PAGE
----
Question: A cosmological “what if ”
Here’s my question:
suppose for the sake of argument, the big bang happened somewhat differently, that it was like a huge mega supernova, and created super-duper massive black hole. A universal black hole. THE black hole of the entire known universe!
slowing down all the stuff that blew away from it.
the stuff coalesced into galaxies which are all still expanding away from each other.
such a scenario would have all the galaxies at different heights in a huge potential well. now…if our galaxy were further up such a potential well, all the light from all the galaxies further down would be red shifted.
also photons emitted from those galaxies would not only come ‘straight’ up the potential well but also would spiral up the potential well.
If our galaxy were near the ‘top’, light from one galaxy would reach us from many directions, all such photons would be red-shifted, and would have taken different lengths of time to reach us because of the many different spiral geodisics they could have taken. In other words, many of the galaxies we see could in fact be the SAME galaxy seen from a different direction in the sky and at vastly different times in its evolution as well as from its different orientations.
pretty much all the galaxies would appear to be receeding from ours (whether they are or not)
furthermore, between our galaxy and the more red-shifted ones further down the well, the space-time would become more and more stretched the further away from our galaxy you’d go.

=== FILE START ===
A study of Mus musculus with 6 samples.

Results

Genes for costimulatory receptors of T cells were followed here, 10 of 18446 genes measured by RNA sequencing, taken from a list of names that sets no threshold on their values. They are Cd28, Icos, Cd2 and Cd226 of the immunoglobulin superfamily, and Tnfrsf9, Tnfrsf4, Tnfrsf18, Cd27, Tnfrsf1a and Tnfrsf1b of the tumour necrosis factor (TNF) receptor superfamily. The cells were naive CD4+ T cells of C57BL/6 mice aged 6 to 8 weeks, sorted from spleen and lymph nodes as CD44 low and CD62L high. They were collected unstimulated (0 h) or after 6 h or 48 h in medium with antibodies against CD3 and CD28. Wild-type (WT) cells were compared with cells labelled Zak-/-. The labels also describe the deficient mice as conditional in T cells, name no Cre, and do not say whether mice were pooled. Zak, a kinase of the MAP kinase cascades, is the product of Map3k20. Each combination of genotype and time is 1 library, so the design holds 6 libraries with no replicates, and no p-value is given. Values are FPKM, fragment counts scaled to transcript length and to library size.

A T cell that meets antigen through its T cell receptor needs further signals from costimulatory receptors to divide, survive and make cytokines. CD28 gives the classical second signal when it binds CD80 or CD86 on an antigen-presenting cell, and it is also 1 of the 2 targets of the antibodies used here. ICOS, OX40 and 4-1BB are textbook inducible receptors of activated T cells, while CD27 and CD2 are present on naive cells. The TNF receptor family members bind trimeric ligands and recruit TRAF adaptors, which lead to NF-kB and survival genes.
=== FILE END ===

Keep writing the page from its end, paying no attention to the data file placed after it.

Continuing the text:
And therefore it would appear that the expansion of the universe was therefore ‘speeding up’.
Thus explaining the embarassing ‘dark’ energy issue.
In other words, all the distant galaxies might not be ‘spread out’ over the night sky as they appear to be, but instead be all more or less in the same ‘direction’ (downwards), in one and the same huge potential well of “THE” black hole of the entire Universe, that would make a galactic supermassive black hole look like an electron neutrino!
There would be no ‘center’ because any such center would be in all directions, it would therefore be ‘spread out’ as the surface of a sphere.
So maybe therefore, our view of the universe has been ‘inside out’ as it were.
This view seems consistent with general relativity.
How would we know? observationally, how could we tell the difference?
(it sure would explain the ‘dark’ energy /cosmic acceleration issue, plus it’s a lot less absurd)
Answer: I think that your scenario has one basic flaw in that if the giant supernova which led to the “central” black hole did exist, we would observe a “source” or center for the overall expansion of the universe. In fact, what we see are all galaxies (excluding local gravitational interactions between galaxies located near each other) moving away from each other rather than moving away from a common point. You might want to take a look at some of the questions and answers that have been posted to the cosmology section of this blog for further information.